United Airlines (UA, Chicago O’Hare) is mulling adding small narrowbody jets to its fleet with potential options including Bombardier CSeries, Embraer E2s, as well as B737 MAX 7s, Chief Financial Officer Andrew Levy has told FlightGlobal.
The carrier would use these 110-130-seaters to upgauge capacity on routes currently served by regional jets under the United Express brand. However, any changes are pending an agreement with pilots’ unions.
United announced in January that it would add a further forty CRJ-200s operated under a Capacity Purchase Agreement (CPA) by Air Wisconsin in 2018 to boost the United Express feeder service. The increase is within the scope of a CPA the airlines signed last year, which covers a total of sixty-five CRJ200s, but is only seen as a temporary solution by the airline. The new aircraft will bring the total number of CRJ-200s operated by capacity providers Air Wisconsin and SkyWest Airlines (USA) under the United Express brand to 125.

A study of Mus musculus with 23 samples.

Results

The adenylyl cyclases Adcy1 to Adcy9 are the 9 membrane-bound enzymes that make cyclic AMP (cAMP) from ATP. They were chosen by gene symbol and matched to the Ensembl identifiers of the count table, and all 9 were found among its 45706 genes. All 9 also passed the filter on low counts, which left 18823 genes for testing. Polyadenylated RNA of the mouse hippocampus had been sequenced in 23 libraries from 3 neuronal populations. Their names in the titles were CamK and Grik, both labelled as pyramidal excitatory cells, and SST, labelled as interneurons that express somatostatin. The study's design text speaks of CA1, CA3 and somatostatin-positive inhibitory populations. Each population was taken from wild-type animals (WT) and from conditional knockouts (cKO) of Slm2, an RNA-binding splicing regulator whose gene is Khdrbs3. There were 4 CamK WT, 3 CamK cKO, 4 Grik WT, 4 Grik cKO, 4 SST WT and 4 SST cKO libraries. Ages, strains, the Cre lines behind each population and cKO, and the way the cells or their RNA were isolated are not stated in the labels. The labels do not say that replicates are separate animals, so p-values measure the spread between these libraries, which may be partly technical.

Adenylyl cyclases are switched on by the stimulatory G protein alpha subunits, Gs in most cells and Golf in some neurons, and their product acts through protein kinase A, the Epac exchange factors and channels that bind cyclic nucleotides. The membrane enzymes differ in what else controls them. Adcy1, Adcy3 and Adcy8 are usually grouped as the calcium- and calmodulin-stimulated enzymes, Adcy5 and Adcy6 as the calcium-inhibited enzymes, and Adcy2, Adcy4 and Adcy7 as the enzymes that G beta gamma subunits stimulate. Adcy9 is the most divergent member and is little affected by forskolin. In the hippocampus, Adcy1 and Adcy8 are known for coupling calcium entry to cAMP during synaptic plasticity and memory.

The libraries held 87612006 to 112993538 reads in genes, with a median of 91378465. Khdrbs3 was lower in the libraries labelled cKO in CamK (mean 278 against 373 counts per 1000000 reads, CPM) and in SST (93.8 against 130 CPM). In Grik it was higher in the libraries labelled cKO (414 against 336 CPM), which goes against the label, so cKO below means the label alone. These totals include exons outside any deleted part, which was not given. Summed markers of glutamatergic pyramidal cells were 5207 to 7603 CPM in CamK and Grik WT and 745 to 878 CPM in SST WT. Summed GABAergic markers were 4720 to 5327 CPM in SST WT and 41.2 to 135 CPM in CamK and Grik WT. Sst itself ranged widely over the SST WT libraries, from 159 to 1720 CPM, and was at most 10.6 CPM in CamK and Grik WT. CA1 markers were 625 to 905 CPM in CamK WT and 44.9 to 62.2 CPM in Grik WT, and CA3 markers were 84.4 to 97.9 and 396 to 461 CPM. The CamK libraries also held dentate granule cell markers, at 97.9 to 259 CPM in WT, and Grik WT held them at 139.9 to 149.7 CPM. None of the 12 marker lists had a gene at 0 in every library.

SkyWest, Republic Airlines, Mesa Airlines, GoJet Airlines, and ExpressJet Airlines also operate larger CRJ-700, EMB-170, and EMB-175 regional jets under the United Express brand. Under the terms of the current agreement with the pilots, United can only operate up to 255 regional jets seating between 70 and 76 passengers, and it has already reached that number.
Potentially, the carrier can replace the smallest regional jets with larger ones, and the larger regional jets with small mainline aircraft.
According to the ch-aviation fleets module, United mainline’s smallest aircraft are currently B737-700s, of which it operates forty. The carrier’s narrowbody order book includes thirty-five B737 MAX 9s and 100 B737 MAX 10 ordered directly from Boeing.
United ordered a further sixty-five B737-700s in 2016 but later converted these aircraft into B737-800s and B737 MAX 9s.